Why Was the Berlin Wall Built?

To better understand the reasons why the Berlin Wall was built in 1961, it’s important to learn about the events that happened after World War II. Specifically it involved the growing rift between the US and the USSR under Stalin.

The Potsdam Agreement

After Nazi Germany surrendered in 1945, the country was divided into four groups. One belonged to Russia. The other three were shared by the United States, Britain and France. The four parties made the Potsdam Agreement which defined the borders for each.

The Cold War

The division of territories marked the points where US and Russian influence could extend. As the 1950s approached, the Western side became influenced by the United States’ way of life. The Eastern side would be marked by Communist rule. So part of the reason why the Berlin Wall was built was to make the separation formal.

The East Brain Drain

But a more important reason was the brain drain. Education was provided free in East Germany but more work was available in the West. What the Easterners did was to study there but after graduation, head over to the West. From 1954 to 1960, over 5,700 doctors and over 30,000 teachers and engineers left the East.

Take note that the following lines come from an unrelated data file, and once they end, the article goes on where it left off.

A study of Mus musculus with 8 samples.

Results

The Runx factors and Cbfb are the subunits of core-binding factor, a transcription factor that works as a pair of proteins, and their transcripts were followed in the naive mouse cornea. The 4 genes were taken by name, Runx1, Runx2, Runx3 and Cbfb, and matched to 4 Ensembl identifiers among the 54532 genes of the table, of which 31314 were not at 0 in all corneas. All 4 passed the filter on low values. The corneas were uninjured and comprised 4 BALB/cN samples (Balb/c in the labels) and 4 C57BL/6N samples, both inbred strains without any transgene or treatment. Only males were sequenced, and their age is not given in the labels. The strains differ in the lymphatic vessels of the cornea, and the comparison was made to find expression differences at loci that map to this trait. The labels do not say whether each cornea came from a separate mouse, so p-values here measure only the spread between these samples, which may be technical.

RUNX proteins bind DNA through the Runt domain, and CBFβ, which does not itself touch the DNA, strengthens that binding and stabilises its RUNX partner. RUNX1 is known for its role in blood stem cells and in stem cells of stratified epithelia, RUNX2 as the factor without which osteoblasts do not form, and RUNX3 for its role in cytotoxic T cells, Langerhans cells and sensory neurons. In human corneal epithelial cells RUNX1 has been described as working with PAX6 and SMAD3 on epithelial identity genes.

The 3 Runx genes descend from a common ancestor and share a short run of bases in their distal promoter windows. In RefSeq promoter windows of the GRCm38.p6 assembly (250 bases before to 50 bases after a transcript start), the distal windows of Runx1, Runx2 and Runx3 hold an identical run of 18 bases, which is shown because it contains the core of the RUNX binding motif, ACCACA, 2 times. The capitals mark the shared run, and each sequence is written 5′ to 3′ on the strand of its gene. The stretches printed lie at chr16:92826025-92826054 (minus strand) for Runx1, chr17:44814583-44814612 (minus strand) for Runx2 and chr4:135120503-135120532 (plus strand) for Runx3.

There were also over 11,000 students that headed for the West. This exodus affected the East German economy. As it was heavily damaged during the war, it needed all the help from its citizens it could get.

Spying

Another possible reason why the Berlin Wall was built was to limit US spying. It was well known that during the Cold War (from the 50s to the 60s) both sides employed spies on each other. One of the places were the US and her allies would send their spies over was Berlin.

To Prevent War

Some historians have suggested that whether it was intended to or not, the construction of the wall helped prevent open warfare. The rules prevailing at the time was that the wall would serve as a state border. Individuals who violated the established rules would be issued warning shots.

While it was potentially a dangerous place, it helped define limitations. If there hadn’t been a wall, some argued the two German countries could have gotten in a war.

Because it was in the midst of Europe, the US and USSR would have been involved. The results would have been horrific. War prevention probably wasn’t part of the reason why the Berlin Wall was built, but unwittingly it served that purpose.

Economics

Also not to be discounted were issues of economics. The rate was 1 DM West for every 4 DM East. The disparity meant those in the West could purchase products in the East at a lower cost. The reverse was true in the East where people could buy less. This issue compounded the already severe economic problems in the East.

The factors that led to its construction were a combination of political and economic issues. All of these elements plus the threat of war, help explain why the Berlin Wall was built.